South Korea is one of the world’s most sophisticated and fastest-moving beauty markets with strong roots in continuous innovation and new product activity. From interest in Korean celebrities to skin care regimens, the trends coming from this market are all the rage. Kline & Co. has set out to continuously scan the bubbling South Korean market for the latest product trends, brands and retail concepts in order to curate all findings and provide actionable insights regarding which dynamics have the most potential to impact the rest of the world. Here are some early findings from this research effort.

The main streets in South Korea are dotted with numerous cosmetic specialty stores operated by local Korean brands, most of which play at the value end of the spectrum. These stores are typically “vertically integrated,” i.e., the brand equals the retailer, and the store sells products only from its own brand. Examples of such retailers include Innisfree, Missha, It’s Skin, Etude House, Skin Food, and The Face Shop.

Market leader AmorePacific also has its own specialty store chain, Aritaum, where the company sells a variety of its own brands, except for Sulwhasoo and Hera, which are sold in department stores, and those brands that have their own specialty stores.

As in most other places in the world, premium brands can be found in department stores. Leading department stores in South Korea include Lotte, Shinsegae and Hyundai. Foreign brands play an important role in the premium segment. Some of the most popular international luxury brands include Chanel, Dior, Lancôme, Estée Lauder and SK-II. There are also a few important local premium brands, including AmorePacific’s Sulwhasoo and Hera, and LG Household & Health Care’s The History of Whoo.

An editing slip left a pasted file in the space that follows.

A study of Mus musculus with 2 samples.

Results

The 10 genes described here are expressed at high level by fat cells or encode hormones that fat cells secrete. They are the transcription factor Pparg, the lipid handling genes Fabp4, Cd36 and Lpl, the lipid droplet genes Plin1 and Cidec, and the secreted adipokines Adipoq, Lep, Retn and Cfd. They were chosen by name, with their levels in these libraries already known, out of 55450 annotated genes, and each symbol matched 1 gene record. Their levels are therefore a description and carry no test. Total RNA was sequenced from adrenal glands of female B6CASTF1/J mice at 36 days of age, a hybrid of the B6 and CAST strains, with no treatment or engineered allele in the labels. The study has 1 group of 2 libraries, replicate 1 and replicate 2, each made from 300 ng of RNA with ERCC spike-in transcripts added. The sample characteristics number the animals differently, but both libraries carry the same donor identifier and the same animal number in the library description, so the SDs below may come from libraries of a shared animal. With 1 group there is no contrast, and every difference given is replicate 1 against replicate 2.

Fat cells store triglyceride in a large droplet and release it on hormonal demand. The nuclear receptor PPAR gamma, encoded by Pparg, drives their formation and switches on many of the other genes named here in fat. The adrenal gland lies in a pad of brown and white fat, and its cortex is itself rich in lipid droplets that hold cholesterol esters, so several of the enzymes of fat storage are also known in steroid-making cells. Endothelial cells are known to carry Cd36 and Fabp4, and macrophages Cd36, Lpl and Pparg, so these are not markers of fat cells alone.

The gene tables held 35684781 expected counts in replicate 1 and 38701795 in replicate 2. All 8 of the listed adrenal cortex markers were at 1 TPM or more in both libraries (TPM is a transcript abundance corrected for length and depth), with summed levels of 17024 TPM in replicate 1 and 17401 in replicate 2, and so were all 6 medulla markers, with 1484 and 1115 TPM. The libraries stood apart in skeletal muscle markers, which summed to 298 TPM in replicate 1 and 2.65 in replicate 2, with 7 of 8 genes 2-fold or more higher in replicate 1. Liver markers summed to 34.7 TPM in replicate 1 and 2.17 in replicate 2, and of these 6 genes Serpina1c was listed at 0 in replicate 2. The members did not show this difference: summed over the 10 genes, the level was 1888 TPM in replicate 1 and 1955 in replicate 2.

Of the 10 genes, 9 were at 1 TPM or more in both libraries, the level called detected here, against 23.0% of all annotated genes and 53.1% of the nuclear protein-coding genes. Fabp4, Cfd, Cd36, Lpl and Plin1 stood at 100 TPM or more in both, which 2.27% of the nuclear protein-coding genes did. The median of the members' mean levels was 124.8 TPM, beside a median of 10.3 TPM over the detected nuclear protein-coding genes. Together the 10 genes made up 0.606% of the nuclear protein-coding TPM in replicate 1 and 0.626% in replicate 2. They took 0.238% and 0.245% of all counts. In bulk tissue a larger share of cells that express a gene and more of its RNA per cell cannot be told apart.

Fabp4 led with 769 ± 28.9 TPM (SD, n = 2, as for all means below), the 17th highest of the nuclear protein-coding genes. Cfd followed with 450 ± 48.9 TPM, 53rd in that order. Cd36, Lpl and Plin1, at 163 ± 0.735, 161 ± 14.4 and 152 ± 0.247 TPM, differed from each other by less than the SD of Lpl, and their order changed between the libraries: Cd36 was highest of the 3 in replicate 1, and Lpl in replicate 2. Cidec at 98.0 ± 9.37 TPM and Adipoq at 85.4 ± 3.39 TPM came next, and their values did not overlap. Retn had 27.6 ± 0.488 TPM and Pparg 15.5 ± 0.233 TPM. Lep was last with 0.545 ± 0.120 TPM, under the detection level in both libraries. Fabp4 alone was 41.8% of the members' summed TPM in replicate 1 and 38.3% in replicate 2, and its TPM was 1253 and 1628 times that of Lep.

Local Korean brands dominate the mass segment. There are two well-known health and beauty aid stores prevalent in South Korea—Watsons, a member of Hong Kong-based retailing giant A.S. Watson Group, and Olive Young, a local retailer similar to Watsons. Leading hypermarkets in South Korea include Homeplus, E-mart, and Fesco. Unlike typical mass outlets in many other parts of the world, these stores often boast well-placed beauty sections with brightly lit displays.

The Internet is also gaining share due to an increased number of local marketers who have established their own online shopping websites. Apart from these websites, online shopping platforms, such as Gmarket and 11st, are actively involved in selling beauty products from various brands.

Kline’s new soon-to-be-released service, South Korean Beauty and Personal Care: Trend Spotting and Opportunity Assessment will come in a magazine-style report, filled with images and actionable insights. The service will be published in four installments per year, starting at the end of June. For more information, please contact, or visit All Eyes on South Korea’s Beauty Scene.